Cookson, who has been UCI president since 2013, was asked to detail his contribution to the battle for clean sport. He began by referencing his efforts to repair the “ongoing feud” between the UCI and WADA; a feud caused by frustrations on either side about how doping was handled in the past two decades.
“One of the very first things that I did was to pick up the telephone and speak to John Fahey, the president of WADA at the time, and say, ‘Look, we have to end this. We have to work together’,” Cookson said.
In considering his achievements as UCI president, Cookson also pointed to the establishment of the Cycling Independent Reform Commission, an organisation that investigated doping and the handling of doping cases in cycling’s recent history.
“It looked at some of the allegations that had been most damaging in the previous 15, 20 years or so,” Cookson said. “And, most importantly, it made some very helpful recommendations to what we should do for our sport in the future to stop those problems repeating themselves. So that was a very important thing.
“At the same time, we asked the Institute of National Anti-Doping Agencies to do an audit on what we were doing. We again took account of their recommendations and changed a number of procedures and processes.”
Cookson also pointed to the establishment and development of the Cycling Anti-Doping Foundation (CADF).
“All of cycling’s anti-doping activities are now fully 100% independent of the UCI, so there is no possibility of a conflict of interest between the management and the governance of the UCI and the delivery of the anti-doping function,” he said. “The two don’t overlap at all.”
While there’s a general consensus that cycling is cleaner now than it has been for some time, it’s certainly not true to say that doping has stopped entirely. Cookson believes that bike races at the highest level can be won clean, but highlights the need for the UCI and WADA to stay vigilant.
“I am not naïve about it,” he said. “I think that professional sportspeople and teams will always push any rule to the very limit and we have to keep watching. We have to keep controlling.
“We have to keep making sure that our processes, our procedures, our science, working with the right people in WADA and so on, that all of those are the best possible practice at the time.”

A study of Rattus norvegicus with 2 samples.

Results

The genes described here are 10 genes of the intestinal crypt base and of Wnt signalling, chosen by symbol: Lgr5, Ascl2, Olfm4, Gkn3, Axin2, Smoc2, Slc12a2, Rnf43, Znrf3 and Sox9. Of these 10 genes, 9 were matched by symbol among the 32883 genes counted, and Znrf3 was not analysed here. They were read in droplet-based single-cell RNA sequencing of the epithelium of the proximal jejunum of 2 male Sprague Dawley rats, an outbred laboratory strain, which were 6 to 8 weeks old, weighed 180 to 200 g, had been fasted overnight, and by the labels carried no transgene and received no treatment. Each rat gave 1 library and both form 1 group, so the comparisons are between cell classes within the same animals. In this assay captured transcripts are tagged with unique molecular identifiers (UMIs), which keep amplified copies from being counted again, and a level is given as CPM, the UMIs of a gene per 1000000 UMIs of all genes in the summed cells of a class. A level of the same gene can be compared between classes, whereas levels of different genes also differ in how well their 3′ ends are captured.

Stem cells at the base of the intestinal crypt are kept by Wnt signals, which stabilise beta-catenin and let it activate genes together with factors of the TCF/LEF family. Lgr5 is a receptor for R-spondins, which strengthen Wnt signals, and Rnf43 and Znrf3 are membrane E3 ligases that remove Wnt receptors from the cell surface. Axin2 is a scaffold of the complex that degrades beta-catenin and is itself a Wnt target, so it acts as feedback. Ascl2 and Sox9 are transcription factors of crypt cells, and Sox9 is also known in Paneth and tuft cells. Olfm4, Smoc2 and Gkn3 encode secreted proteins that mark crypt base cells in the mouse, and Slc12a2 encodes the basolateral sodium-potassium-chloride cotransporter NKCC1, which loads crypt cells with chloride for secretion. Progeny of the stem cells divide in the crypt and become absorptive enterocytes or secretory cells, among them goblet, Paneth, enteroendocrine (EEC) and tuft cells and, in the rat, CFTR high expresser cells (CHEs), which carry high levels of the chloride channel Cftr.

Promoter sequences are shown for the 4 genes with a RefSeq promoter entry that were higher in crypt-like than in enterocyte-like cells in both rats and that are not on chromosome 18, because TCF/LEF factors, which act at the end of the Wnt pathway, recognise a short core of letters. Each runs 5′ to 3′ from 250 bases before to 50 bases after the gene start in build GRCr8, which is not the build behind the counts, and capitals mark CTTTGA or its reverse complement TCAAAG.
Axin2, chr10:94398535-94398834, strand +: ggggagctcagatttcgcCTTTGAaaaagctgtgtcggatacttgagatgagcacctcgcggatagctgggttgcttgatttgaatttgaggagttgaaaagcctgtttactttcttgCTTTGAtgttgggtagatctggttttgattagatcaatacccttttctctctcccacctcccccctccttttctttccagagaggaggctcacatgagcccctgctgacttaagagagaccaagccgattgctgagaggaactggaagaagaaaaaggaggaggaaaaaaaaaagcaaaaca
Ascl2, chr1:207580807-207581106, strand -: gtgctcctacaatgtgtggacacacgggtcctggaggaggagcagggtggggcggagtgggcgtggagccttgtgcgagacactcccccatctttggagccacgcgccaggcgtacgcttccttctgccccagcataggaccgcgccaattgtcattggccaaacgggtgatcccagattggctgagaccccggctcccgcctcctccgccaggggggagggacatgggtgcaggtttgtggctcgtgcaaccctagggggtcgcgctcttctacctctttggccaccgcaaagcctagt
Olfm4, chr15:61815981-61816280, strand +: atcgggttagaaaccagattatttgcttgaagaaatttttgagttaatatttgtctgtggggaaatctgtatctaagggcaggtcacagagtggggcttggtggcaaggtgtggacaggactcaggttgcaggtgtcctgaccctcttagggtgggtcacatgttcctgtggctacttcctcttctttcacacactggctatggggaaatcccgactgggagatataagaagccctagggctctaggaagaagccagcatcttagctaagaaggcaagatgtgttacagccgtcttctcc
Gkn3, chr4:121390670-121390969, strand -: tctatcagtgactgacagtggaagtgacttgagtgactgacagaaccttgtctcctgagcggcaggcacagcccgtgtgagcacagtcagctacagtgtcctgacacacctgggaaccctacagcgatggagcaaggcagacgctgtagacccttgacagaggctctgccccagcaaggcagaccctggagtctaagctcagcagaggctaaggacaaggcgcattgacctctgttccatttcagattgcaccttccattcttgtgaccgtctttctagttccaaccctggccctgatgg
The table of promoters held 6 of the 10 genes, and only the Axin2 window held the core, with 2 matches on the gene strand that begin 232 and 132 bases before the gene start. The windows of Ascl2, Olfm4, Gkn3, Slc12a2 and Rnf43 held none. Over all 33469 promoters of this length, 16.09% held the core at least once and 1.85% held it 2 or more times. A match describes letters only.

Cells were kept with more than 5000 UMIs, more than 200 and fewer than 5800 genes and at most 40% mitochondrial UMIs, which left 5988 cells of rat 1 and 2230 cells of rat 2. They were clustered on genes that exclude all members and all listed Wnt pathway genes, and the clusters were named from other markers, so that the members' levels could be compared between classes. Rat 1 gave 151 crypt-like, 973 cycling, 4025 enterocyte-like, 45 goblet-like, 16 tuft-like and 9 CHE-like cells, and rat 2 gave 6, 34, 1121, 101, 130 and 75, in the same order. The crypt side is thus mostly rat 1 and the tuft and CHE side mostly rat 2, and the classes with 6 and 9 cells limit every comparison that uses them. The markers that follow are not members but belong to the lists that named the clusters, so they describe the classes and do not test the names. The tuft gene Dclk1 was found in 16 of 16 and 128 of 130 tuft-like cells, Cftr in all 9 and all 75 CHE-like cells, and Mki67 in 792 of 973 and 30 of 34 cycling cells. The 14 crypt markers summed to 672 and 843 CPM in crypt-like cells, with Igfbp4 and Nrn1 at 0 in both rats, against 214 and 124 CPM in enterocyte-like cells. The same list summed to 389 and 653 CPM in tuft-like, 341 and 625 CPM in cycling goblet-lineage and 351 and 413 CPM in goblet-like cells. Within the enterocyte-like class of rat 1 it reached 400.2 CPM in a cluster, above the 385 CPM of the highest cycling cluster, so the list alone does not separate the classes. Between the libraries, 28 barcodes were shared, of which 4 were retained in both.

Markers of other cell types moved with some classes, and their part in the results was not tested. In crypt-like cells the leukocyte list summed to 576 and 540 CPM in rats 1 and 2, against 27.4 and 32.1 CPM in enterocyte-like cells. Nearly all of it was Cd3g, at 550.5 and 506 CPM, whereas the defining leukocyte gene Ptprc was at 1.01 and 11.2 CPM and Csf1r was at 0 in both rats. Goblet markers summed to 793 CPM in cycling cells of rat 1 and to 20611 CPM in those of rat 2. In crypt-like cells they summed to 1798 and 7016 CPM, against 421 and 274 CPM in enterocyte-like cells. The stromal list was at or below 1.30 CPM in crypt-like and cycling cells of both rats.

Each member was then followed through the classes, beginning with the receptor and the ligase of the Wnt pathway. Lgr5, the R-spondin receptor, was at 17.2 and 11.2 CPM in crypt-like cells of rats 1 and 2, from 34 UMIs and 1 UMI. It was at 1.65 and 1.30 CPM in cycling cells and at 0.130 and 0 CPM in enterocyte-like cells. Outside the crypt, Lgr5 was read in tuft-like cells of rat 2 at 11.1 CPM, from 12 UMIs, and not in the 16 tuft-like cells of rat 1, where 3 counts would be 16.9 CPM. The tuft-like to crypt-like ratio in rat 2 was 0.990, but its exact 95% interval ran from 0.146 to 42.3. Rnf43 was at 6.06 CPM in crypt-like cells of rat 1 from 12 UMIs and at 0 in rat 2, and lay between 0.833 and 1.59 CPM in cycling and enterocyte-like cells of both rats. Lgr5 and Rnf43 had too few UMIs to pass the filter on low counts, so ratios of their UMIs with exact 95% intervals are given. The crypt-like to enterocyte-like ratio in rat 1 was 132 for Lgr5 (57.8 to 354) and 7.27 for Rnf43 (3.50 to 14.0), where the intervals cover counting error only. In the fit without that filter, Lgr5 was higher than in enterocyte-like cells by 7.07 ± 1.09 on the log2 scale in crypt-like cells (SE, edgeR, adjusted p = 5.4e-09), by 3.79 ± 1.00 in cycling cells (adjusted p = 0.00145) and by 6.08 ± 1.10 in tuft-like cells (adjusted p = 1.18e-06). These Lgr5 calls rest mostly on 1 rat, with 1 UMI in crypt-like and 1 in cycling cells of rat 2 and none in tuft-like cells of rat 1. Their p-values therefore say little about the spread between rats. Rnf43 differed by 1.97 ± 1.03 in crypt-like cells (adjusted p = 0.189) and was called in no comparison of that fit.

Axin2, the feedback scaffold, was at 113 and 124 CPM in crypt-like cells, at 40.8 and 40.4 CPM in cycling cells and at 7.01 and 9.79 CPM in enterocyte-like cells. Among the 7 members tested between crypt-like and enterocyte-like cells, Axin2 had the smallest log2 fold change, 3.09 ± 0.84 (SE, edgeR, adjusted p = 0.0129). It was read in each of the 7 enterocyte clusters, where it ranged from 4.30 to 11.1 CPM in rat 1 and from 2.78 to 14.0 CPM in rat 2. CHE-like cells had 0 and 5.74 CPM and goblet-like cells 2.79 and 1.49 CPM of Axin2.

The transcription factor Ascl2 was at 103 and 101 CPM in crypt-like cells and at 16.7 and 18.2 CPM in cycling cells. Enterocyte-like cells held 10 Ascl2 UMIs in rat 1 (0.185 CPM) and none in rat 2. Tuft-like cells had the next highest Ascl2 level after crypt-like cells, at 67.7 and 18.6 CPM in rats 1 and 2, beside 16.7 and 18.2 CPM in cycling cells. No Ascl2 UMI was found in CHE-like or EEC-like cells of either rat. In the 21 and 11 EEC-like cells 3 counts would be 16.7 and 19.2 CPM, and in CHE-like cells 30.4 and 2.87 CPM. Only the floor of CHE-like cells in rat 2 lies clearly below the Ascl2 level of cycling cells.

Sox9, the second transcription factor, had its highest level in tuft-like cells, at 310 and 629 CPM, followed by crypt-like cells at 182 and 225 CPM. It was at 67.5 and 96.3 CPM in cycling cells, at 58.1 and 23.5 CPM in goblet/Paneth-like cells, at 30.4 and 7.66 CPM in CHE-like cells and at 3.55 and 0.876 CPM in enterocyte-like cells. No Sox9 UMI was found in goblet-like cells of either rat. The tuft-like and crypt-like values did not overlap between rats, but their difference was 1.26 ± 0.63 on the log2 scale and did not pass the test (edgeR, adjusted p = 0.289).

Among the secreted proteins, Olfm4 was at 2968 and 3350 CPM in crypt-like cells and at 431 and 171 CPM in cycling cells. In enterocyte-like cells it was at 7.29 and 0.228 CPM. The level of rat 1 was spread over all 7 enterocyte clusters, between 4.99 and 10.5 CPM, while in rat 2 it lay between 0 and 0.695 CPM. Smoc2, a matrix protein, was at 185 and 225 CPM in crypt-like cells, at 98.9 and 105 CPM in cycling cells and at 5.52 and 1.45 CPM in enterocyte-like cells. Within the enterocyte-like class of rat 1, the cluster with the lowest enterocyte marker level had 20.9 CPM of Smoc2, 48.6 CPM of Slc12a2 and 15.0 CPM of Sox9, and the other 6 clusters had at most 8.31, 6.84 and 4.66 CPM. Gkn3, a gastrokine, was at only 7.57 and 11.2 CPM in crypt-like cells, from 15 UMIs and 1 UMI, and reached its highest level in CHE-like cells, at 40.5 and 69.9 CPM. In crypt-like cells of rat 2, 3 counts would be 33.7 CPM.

While cheating in cycling has traditionally come in the form of doping, “technological fraud”, too, has been front of mind in recent years. Rumours of hidden motors have hung over the sport since 2010, and in January 2016, Belgian rider Femke van den Driessche was found to be using such a device at the Cyclocross World Championships. According to Cookson, the UCI has taken the threat of technological fraud very seriously, deploying testing technology and conducting tens of thousands of tests in the past 16 months.
“The very first time we deployed it [the testing technology] we caught somebody trying to cheat in that way, much to our surprise,” he said. “Since then we have had all negative tests from over 20,000 tests that we have done in the first year, including over 3,000 at the Tour de France.
“So again I think if people are trying to cheat by technological fraud, by concealed motors or some other method which is at the very forefront of science, we believe that we have a system that can detect that form of cheating at a very early stage.”
In September this year, Cookson’s four-year term as UCI president will come to a close. The 65-year-old has indicated his interest in running for a second and final term. Whether that comes to pass will be determined at the UCI Congress in Bergen, Norway on September 21, a meeting that coincides with the Road World Championships in the region. While it’s not yet clear whether Cookson will face any opposition for the presidency, the Briton has plenty he wants to achieve should he get a second term.
“We need to complete the revisions of the top level of our sport on the road,” he said. “The men’s road WorldTour, for instance, still needs some completions, some adjustments, in terms of the calendar, in terms of the regulations and the regulatory framework of that.”
Cookson is also keen to see further developments when it comes to women’s racing.
“We have done a great deal there in establishing a Women’s WorldTour,” he said. “More races, more opportunities for competition, but there is still a huge inequity between the rewards for women in cycling as compared with men.
“That’s not just true of cycling, of course, it is true of many sports. But this is something that we are putting our attention to and something that we have got to do more of.”
You can see the full interview at the top of this post.